Collaborative learning activities are an essential part of education and are part of many teaching approaches including problem-based learning and project-based learning. However, in open-ended collaborative small group work, evidence on the effectiveness of using these learning activities are hard to find. The PELARS project explores how multimodal learning analytics can generate information about what happens when students are engaged in collaborative, project-based learning activities.
This article was originally published in the IOTAP 2016 brochure.
The PELARS project investigates how small groups of learners interact. This by using various sensors that include computer vision, data from the learning objects – in this case physical-computing components – and the student’s generated content. The system then processes and extracts different aspects of the students’ interactions to investigate what features of student group work that are good predictors of team success.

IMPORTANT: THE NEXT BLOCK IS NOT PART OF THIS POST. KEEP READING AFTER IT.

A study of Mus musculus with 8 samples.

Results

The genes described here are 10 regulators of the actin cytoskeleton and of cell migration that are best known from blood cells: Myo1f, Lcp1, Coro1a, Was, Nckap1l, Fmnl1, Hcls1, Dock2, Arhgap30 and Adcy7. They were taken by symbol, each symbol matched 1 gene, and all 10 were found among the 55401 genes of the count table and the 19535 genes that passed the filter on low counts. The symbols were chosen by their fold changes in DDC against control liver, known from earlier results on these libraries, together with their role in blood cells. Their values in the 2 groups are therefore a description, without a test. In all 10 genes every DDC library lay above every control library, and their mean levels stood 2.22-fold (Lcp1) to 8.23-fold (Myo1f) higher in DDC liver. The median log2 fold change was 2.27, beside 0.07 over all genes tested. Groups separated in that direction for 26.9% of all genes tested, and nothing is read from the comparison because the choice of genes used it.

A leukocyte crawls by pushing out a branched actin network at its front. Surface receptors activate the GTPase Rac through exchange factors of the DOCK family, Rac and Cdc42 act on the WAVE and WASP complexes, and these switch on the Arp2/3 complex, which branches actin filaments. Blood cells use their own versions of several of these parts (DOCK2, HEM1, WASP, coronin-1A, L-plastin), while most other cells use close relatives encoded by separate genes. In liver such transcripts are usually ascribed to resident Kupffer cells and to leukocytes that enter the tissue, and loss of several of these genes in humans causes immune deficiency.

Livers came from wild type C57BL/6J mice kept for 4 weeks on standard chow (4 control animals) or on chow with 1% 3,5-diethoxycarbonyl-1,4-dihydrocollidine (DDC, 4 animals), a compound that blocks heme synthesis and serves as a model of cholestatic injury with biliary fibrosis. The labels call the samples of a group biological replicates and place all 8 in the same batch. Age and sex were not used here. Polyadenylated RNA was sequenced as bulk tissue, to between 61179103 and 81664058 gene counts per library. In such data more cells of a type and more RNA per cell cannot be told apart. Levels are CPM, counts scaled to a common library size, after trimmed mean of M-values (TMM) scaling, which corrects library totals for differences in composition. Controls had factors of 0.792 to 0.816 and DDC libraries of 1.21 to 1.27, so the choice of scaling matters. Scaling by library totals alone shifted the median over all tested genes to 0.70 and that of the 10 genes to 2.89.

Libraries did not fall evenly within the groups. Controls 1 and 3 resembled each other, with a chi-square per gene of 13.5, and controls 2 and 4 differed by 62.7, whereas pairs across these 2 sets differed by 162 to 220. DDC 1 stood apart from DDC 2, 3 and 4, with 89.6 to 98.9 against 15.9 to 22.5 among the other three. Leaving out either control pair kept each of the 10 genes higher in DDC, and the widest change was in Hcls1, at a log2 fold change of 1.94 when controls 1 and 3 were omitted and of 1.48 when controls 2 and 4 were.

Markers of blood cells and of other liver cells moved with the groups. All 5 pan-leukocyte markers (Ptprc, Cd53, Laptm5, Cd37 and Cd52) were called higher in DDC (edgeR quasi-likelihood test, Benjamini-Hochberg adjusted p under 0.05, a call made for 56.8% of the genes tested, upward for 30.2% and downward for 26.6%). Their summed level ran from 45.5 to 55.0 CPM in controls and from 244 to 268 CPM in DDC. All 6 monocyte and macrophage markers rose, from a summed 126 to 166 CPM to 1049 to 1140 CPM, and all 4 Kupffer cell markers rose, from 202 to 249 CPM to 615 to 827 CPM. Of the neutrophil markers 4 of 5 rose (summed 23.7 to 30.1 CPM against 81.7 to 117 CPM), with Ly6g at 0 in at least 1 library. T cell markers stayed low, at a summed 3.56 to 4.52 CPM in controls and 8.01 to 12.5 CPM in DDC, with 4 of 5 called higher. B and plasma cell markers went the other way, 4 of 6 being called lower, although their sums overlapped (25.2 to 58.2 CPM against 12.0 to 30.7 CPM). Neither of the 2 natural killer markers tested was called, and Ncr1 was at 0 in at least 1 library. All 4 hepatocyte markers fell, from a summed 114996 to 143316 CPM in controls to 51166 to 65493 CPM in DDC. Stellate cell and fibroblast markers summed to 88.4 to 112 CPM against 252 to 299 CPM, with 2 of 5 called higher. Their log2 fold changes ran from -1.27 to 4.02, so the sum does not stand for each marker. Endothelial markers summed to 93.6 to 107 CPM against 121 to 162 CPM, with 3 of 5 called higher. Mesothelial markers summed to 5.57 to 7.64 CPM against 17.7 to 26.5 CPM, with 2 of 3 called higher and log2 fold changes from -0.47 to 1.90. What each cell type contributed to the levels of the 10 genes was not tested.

Daniel Spikol, one of the researchers in the project, says: ”The need to provide support for collaborative and complex learning activities across all types of education that empower learners and teachers is one way to keep education innovative and meaningful to society. New technologies provide vast educational resources, but to leverage these technologies, the forms of education need to evolve and projects like PELARS offer solutions for helping.”
The PELARS project has received funding from the European Union’s 7th Framework Programme for research, technological development and demonstrations (GA No. 619738). The project is a collaboration with several European universities, SMEs, and non-profit organizations.